Anthrax has three major forms: cutaneous (skin), inhalation, and gastrointestinal. If left untreated, anthrax in all forms can lead to death.
1. How is anthrax transmitted?
Anthrax infection can occur in three forms: cutaneous (skin), inhalation, and gastrointestinal. Humans can become infected with anthrax by handling products from infected animals, inhaling anthrax spores from contaminated animal products, or by eating undercooked meat from infected animals. It is rare to find infected animals in the United States.
2. What are the symptoms of anthrax?
Symptoms of disease usually occur within 7 days and symptoms vary depending on how the disease was contracted-cutaneous (skin), inhalation, or intestinal.
- Cutaneous (skin): Most (about 95%) anthrax infections occur when the bacterium enters a cut or abrasion on the skin, such as when handling contaminated wool, hides, leather or hair products (especially goat hair) of infected animals. Skin infection begins as a raised itchy bump that resembles an insect bite but within 1-2 days develops into a vesicle and then a painless ulcer, usually 1-3 cm in diameter, with a characteristic black necrotic (dying) area in the center. Lymph glands in the adjacent area may swell. About 20% of untreated cases of cutaneous anthrax will result in death. Deaths are rare with appropriate anti-microbial therapy.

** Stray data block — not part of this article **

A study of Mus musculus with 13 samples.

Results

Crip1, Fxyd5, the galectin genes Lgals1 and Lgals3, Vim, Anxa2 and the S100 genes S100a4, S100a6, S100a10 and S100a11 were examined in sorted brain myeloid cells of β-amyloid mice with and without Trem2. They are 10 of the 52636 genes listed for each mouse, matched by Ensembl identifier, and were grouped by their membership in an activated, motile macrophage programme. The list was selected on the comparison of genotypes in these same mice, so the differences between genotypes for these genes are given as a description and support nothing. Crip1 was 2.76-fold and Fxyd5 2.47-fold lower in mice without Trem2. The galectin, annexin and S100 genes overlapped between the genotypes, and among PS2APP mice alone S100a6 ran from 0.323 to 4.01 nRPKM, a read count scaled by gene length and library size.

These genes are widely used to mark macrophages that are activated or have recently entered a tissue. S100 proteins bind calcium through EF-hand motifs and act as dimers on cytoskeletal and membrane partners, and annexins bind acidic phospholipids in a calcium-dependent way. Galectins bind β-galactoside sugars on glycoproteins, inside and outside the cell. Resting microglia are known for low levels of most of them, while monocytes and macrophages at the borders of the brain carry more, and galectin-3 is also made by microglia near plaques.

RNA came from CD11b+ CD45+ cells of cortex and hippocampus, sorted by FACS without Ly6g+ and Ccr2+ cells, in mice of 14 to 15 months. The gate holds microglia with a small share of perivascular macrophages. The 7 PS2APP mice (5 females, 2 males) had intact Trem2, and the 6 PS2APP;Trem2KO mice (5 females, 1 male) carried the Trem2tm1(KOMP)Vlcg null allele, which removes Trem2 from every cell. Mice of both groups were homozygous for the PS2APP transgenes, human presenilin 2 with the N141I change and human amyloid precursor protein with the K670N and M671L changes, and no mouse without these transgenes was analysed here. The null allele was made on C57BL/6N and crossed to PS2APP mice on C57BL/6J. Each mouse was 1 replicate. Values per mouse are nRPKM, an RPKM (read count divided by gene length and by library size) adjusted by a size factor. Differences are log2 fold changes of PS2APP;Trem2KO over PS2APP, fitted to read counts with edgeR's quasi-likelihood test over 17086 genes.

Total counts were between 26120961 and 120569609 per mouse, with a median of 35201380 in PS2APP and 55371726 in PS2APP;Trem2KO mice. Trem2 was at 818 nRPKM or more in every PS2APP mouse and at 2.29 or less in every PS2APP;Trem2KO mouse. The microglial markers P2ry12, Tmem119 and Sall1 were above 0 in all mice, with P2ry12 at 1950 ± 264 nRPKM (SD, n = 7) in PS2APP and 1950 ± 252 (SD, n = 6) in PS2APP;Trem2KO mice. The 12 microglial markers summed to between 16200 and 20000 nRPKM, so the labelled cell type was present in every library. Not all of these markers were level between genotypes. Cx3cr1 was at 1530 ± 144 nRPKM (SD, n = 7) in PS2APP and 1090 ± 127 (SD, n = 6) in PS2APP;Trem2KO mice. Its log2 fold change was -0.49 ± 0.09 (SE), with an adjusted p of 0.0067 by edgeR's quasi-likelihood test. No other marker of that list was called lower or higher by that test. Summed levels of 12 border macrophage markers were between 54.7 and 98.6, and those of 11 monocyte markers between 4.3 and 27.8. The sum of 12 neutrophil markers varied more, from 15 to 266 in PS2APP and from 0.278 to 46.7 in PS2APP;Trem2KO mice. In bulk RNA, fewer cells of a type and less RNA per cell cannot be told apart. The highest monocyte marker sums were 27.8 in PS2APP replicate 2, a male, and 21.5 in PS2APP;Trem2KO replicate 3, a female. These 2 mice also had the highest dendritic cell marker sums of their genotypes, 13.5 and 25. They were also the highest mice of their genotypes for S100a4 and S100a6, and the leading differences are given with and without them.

- Inhalation: Initial symptoms may resemble a common cold. After several days, the symptoms may progress to severe breathing problems and shock. Inhalation anthrax is usually fatal.
- Intestinal: The intestinal disease form of anthrax may follow the consumption of contaminated meat and is characterized by an acute inflammation of the intestinal tract. Initial signs of nausea, loss of appetite, vomiting, fever, are followed by abdominal pain, vomiting of blood, and severe diarrhea. Intestinal anthrax results in death in 25% to 60% of cases.
3. Can anthrax be spread from person to person?
Direct person-to-person spread of anthrax is extremely unlikely to occur. Communicability is not a concern in managing or visiting with patients with inhalational anthrax.
4. Is there a way to prevent infection?
In countries where anthrax is common and vaccination levels of animal herds are low, humans should avoid contact with livestock and animal products and avoid eating meat that has not been properly slaughtered and cooked. Also, an anthrax vaccine has been licensed for use in humans. The vaccine is reported to be 93% effective in protecting against anthrax.
5. Is there a treatment for anthrax?
Doctors can prescribe effective antibiotics. To be effective, treatment should be initiated early. If left untreated, the disease can be fatal.